Why Robotics Benefits Early Education

Anna Iarotska

The rampant digitalization of our society has touched and fundamentally altered all domains of our lives, including education. What was once enough to prepare pupils for their adult life is no longer sufficient, and we urgently need to implement the new developments we see around us into school curricula. One of these new developments is the increased use of robots in everyday life––from vending machines to your automatic vacuum cleaner, all the way through to artificial intelligence and heavy machinery. But the field of robotics has more benefits for children than just teaching them about robots. 

My blog, a part of the Robo Wunderkind educational platform, focuses on the value that robotics and programming––two fundamental areas of STEM––bring to early education. From our experience with teaching children, we value the play-based approach that emphasizes the value of teaching through real-life situations, allowing children to learn from their mistakes as they attempt to make an inanimate object carry out their commands. Reflective observations, creative conceptualization, and active experimentation with ideas let children exercise their abstract thinking and use it to solve real problems. This further serves as an arch to them learning from their experience. This circular process includes making mistakes, learning from them and consciously avoiding them in the future. 

Furthermore, the use of robotics in lessons encourages independent thinking in students. While they are given a task to fulfill with their robotics tool, the road through which they choose to arrive at their destination is left up to them. Through the trial-and-error process, they simmer their ideas down to only those that work––those that they themselves have seen work. This process further empowers them to have confidence in their own problem-solving skills and curiosity, having successfully implemented them in a problem situation. This, in turn, also enhances their creativity and imagination, as current research suggests that creativity is a skill one can learn rather than an inherent part of a child’s genetic code.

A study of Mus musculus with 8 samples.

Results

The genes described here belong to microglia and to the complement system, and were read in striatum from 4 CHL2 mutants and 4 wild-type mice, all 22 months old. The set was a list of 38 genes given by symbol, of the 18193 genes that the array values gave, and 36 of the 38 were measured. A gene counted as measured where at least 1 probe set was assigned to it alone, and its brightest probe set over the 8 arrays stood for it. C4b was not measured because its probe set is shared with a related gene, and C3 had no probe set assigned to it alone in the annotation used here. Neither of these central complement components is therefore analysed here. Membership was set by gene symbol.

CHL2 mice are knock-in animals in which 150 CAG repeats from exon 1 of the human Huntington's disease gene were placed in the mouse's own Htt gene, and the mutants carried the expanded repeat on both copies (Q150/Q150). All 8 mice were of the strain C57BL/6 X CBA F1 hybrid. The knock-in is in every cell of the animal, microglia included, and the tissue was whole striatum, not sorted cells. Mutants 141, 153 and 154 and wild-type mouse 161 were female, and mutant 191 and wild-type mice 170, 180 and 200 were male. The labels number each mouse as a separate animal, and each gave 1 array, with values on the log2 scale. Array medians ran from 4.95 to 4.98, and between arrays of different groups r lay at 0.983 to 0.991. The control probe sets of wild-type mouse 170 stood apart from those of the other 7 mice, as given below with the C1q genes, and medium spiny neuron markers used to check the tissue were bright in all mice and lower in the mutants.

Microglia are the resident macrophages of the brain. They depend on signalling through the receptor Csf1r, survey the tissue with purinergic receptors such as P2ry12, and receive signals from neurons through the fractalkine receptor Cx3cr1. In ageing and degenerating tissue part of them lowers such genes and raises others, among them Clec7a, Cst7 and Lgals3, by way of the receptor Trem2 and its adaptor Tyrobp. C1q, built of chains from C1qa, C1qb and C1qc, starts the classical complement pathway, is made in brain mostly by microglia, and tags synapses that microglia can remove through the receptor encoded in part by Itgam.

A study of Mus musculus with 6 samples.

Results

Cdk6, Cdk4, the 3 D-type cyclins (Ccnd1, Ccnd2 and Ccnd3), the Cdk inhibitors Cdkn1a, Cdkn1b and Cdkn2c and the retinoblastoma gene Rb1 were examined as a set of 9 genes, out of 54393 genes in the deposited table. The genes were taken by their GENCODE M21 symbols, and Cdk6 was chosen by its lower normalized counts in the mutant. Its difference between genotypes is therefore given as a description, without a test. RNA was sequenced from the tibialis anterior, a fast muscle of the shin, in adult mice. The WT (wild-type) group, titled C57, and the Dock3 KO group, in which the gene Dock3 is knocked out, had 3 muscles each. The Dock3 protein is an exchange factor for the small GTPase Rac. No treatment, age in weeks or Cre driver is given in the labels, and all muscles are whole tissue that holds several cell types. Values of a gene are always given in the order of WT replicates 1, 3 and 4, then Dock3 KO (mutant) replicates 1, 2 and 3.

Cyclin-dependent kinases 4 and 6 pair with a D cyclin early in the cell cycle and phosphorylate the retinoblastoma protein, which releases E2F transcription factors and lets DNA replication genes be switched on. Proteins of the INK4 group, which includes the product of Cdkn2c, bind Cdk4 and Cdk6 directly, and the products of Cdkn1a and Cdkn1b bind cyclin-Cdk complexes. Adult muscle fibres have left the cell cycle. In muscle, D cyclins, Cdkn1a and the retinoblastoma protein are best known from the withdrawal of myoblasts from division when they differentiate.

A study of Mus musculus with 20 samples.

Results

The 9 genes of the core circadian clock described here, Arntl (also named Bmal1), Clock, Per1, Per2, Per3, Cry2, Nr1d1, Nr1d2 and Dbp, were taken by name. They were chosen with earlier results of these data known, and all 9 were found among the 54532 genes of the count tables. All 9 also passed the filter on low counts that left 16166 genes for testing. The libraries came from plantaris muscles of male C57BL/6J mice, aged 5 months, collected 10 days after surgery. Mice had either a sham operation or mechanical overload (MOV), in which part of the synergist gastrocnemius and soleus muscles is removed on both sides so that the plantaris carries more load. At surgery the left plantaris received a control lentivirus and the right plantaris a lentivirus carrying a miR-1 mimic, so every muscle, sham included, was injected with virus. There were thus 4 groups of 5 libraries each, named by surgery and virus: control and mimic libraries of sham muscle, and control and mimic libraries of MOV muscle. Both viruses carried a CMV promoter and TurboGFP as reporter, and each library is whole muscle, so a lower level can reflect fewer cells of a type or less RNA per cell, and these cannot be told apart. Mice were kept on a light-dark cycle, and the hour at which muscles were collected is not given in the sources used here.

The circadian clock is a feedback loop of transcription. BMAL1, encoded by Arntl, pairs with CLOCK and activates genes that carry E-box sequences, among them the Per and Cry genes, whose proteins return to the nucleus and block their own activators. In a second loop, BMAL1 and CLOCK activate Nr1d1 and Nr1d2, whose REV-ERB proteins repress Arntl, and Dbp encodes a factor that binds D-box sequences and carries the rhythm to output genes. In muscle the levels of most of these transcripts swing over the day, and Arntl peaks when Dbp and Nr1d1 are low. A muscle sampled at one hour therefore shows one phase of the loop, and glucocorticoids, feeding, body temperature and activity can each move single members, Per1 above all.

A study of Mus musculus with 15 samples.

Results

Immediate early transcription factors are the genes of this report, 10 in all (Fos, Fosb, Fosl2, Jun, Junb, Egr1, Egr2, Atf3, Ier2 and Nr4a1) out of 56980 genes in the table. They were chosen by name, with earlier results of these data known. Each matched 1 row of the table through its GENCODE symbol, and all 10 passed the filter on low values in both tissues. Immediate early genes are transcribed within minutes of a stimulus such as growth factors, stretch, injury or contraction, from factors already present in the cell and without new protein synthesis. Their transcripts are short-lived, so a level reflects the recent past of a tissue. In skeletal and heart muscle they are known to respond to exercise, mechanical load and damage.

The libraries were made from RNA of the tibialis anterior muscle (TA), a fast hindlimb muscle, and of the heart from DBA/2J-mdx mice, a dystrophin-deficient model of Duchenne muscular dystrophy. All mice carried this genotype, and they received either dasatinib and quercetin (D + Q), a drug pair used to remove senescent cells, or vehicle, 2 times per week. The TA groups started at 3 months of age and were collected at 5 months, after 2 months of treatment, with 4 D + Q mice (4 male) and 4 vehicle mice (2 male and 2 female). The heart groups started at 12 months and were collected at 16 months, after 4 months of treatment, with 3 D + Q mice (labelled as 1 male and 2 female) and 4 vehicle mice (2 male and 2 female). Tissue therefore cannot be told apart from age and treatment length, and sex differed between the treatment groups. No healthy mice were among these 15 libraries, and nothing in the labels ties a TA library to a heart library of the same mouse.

While the general consensus is that computers and robots can learn from us as humans, the opposite is also true. Computational thinking, a process of solving problems through the development of useful algorithms that we sharpen and perfect through repetitive trials is something computers do incessantly, and something children can learn from their robotic friends. Then there is also design thinking, which means trying to find a practical solution to a problem that the user will like. Not only is this an instinctive process (after all, does anyone want to do something they don’t like?) but it is a very useful aspect when designing anything––be that a tool, software or a program. Both design thinking and computational thinking are easy to learn with the help of robotics. 

There are also several practical issues, or side effects, that robotics can help alleviate. First, the gender gap in STEM. Reports suggest that if we wish to increase the numbers of women in STEM, we need to incite passion for the field in girls (and boys) alike starting at a young age through good education. If we teach both girls and boys the same things (coding and robotics) with the same amount of passion, we can expect both genders to develop an affinity towards the activities. Second, robotics encourages a sense of digital citizenship. The generation of today’s young children is one of digital natives. They see little distinction between the physical and virtual world and will work intensely with technology throughout their whole lives. Thorough STEM education (of which robotics is an integral part) is the only thing that can cultivate a healthy relationship with digital technology within them. 

And last, if teachers find themselves thinking “robotics isn’t for me, after all, I’m not a computer science teacher,” we have good news. Robotics encompasses the cross-disciplinary educational approach to education perhaps better than any other field. As an example, our curriculum uses robotics to not only teach the basics of STEM, but also maths and arts, two very different disciplines. Whatever you are teaching, you can do so with the help of robotics. This only shows that robotics is a solution, not a field per se, and certainly not a problem. 

In short, including robotics in your class’ curriculum is a win-win. Besides the plethora of educational benefits this discipline has in store for early education, it can also––and perhaps most importantly––bring a huge amount of fun into the classroom.